Nobody is more articulate about the wrongheadedness of the US government’s vendetta against the payday lending industry than Tom Brown of Second Curve Capital, writing at bankstocks.com. Tom recently wrote:
“If the federal government wants to put an end to payday lending, Congress should act, or at least the CFPB should write some rules that would restrict it. In the meantime, the business is legal, and regulated to varying degrees, in 37 states. The Justice Department’s “Operation Choke Point”—wherein DoJ browbeats banks into refusing to provide banking services to businesses, like payday lending, it deems unsavory—is an outrageous infringement on voters’ sovereignty. The project is un-American in a very basic way. Payday lenders are doing the right thing in fighting back.”
Agreed. Tom goes on to say:
“What’s more, payday lenders actually provide valuable service. You may not like it, but the fact is that occasionally low-income consumers need emergency cash to, say, pay an electric bill or get the car repaired so they keep showing up for work. In cases like that, the alternative to paying the emergency bill—the lights going out or the loss of a job–is much worse than the extra interest the payday borrower has to pay. Absent a payday loan, the borrower’s only other choice is to intentionally overdraw his account.”
I don’t want to sound like I disagree with Tom on this, because in spirit, I do agree. However, the consumer research I’ve done paints a slightly different, and more nuanced, picture.
The fact about payday loan borrowers is that they are not all low-income consumers. And for many payday loan borrowers, it’s not a choice between a payday loan and overdrawing on the checking account–it’s both. In fact, for many payday loan borrowers, it’s not just a payday loan and overdrawing, it’s that and borrowing from numerous sources.
In Q2 2013, Chase Blueprint commissioned Aite Group to survey US consumers about their financial lives, and how their financial lives changed from pre-recession days (2008) through the depth of the recession (2010) to post-recession days (2012). Here’s what we found:
1) Payday borrowing is on the rise. The percentage of consumers taking out a payday loan in 2012 (7.6%) was slightly higher than it was in 2010 (6.4%), which represented a dip from 2008 (6.8%). The percentage who took out three or more payday loans in each of the years was consistent, however, at about 2.2%.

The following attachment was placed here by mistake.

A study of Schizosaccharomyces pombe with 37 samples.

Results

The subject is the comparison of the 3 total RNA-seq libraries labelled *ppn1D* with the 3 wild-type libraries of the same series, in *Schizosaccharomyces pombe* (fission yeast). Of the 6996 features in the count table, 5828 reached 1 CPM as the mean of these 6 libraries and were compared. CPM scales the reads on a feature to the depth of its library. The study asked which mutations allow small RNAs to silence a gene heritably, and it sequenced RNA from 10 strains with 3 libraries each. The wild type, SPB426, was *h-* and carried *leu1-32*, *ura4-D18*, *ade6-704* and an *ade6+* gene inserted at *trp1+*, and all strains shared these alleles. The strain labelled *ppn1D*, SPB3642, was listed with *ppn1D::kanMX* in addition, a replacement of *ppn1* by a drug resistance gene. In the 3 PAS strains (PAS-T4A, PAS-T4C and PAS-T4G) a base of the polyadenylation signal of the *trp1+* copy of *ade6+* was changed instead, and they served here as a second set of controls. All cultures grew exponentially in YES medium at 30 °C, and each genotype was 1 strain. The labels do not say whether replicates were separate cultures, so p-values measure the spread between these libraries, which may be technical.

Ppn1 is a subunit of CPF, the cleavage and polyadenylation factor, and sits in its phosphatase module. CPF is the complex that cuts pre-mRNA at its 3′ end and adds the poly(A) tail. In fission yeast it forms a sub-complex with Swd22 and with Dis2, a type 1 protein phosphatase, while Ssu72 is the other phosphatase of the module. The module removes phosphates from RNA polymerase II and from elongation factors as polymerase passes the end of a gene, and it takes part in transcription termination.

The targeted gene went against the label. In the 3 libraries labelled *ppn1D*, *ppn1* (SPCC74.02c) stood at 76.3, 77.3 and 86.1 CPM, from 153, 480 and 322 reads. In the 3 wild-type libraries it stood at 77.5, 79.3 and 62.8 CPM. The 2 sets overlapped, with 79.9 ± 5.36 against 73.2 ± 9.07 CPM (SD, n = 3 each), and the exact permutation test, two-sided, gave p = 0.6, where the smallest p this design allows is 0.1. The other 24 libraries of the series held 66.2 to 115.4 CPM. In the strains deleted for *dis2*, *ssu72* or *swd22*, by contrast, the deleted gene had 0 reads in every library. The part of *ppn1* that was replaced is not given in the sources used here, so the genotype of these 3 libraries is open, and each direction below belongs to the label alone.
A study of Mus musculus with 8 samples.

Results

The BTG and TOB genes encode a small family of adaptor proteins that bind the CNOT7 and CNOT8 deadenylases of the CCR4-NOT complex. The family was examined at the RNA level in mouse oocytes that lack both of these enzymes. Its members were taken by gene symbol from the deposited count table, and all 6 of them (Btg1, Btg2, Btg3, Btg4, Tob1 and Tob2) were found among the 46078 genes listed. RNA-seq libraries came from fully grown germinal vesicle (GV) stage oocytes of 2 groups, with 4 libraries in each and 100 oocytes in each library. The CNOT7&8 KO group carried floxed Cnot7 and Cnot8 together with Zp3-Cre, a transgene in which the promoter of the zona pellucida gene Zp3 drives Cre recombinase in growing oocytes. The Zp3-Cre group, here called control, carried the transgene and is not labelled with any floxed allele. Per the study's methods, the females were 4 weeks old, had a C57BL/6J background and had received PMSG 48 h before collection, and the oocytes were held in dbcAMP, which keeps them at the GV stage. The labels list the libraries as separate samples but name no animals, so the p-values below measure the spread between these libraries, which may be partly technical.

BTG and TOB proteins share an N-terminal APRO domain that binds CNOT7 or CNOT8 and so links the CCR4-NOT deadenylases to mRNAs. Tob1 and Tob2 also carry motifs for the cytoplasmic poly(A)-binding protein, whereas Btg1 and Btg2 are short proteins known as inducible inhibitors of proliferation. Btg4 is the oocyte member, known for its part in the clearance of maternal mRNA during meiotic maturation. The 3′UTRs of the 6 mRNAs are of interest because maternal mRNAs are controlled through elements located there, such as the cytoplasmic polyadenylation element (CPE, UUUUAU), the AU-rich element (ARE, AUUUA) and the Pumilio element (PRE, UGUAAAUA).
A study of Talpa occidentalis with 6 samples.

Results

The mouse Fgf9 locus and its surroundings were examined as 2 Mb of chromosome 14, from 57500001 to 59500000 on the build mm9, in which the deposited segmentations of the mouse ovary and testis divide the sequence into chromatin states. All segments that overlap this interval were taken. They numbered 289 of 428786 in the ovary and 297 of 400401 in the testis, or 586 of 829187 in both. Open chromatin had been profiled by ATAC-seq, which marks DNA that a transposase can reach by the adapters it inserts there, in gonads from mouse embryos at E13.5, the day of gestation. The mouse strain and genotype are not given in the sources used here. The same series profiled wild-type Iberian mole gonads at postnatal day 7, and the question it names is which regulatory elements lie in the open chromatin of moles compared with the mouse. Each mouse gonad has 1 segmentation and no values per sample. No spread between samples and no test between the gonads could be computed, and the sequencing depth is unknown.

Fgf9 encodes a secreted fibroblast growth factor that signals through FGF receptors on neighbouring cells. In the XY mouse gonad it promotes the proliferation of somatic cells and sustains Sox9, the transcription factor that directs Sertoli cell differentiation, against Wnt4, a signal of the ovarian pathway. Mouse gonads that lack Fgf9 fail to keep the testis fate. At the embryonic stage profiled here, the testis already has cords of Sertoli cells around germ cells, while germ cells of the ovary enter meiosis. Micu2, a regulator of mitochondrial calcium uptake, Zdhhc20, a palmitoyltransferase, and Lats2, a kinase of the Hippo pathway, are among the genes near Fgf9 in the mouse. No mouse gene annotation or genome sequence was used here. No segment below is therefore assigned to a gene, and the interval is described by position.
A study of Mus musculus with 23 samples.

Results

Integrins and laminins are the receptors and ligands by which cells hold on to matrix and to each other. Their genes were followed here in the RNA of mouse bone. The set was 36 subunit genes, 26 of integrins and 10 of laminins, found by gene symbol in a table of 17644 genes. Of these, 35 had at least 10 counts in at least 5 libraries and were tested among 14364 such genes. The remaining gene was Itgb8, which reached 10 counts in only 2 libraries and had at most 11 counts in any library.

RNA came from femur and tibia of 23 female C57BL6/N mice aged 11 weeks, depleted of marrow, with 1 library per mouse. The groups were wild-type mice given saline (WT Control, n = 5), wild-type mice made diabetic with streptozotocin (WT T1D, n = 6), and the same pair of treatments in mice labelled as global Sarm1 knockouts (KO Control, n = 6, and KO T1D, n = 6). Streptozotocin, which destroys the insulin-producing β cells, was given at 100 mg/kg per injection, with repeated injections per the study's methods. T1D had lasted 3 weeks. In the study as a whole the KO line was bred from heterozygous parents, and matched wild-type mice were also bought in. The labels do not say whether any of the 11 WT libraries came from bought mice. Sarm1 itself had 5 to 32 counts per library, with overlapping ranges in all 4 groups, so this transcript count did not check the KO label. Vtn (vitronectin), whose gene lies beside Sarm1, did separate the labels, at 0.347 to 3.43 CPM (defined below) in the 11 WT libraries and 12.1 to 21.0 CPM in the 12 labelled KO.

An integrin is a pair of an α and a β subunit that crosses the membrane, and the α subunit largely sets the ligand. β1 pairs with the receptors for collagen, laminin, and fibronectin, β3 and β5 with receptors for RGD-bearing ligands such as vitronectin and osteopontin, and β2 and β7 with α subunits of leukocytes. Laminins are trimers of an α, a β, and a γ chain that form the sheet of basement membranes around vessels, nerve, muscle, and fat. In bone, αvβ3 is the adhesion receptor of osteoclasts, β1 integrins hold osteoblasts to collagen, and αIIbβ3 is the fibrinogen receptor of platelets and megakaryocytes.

2) Payday loan borrowers are not low-income consumers. Among consumers who took out a payday loan in 2012, 38% earn more than $70k per year, 32% earn between $30k and $70k, and just 30% earn less than $30k. About a third of payday loan borrowers are “old” Gen Yers (between 27 and 35 years old).
3) Payday lending is not evenly distributed geographically. Almost four in 10 payday loan borrowers live in Western states which only account for 24% of the population. In contrast, northeastern states, representing 19% of the population, produced only 10% of payday loan borrowers in 2012.
4) Payday loan borrowers borrow from many sources. Unfortunately for many payday loan borrowers, it’s not a choice between getting a payday loan and overdrawing. In 2012, three-quarters of payday loan borrowers paid an overdraft fee–and one in five paid that fee three or more times. Slightly more than half of payday loan borrowers took out a direct deposit advance and a small loan from their bank or credit union in 2012. 16% took out a small loan from their bank/credit union three or more times. Seven in 10 payday loan borrowers borrowed from friends or family in 2012, a quarter doing so three or more times. Fifty-five percent of payday loan borrowers borrowed from a pawn shop in 2012, and 43% borrowed from a loan shark.
5) Payday loan borrowers tend to be habitual payday loan borrowers. Among the consumers who took out at least one payday loan in 2012, 42% did so in 2010 and 2008, as well.
It’s probably not a very kind or tactful analogy, but payday loan borrowers are like drug addicts–they have a problem. Going after payday lenders is like shutting down the small neighborhood drug dealer. That might it make it more difficult for the drug addict to get his fix, but does absolutely nothing to address the problem.
Payday loan borrowers have a problem managing their money.
That’s a conscious choice of words–because they have money to manage. They have jobs. They’re not stupid–37% have a college degree (vs. 43% of consumers who didn’t take out a payday loan in 2012), in fact, more than one in 10 of them even have a post-graduate college degree.
Yet, 38% of payday loan borrowers consider themselves to be financially illiterate (in contrast to 15% of consumers who don’t take out payday loans). Almost a quarter of payday loan borrowers consider their financial lives to be very complex (vs. 16% of other consumers). Despite their income and education levels, nearly half of payday loan borrowers consider their financial health to be “poor” or “very poor” (in contrast to 18% of other consumers).
Are you getting the picture here?
Cutting off the supply of payday loans to payday loan borrowers only results in forcing these consumers to find other sources of money. Sources like friends and family who are likely tired of lending to these people, banks and credit unions who may be likely to turn them down for loans, and loan sharks who are hardly a better alternative to the often-regulated payday lending industry.
Operation Chokepoint is yet another bone-headed (not to mention, possibly illegal) effort on the part of the US government and its henchmen (yeah, you know who I mean) to pick some ideological bone it has with the financial services industry.
Sadly, this is anything but in the best interest of the people who rely on payday loans to make ends meet.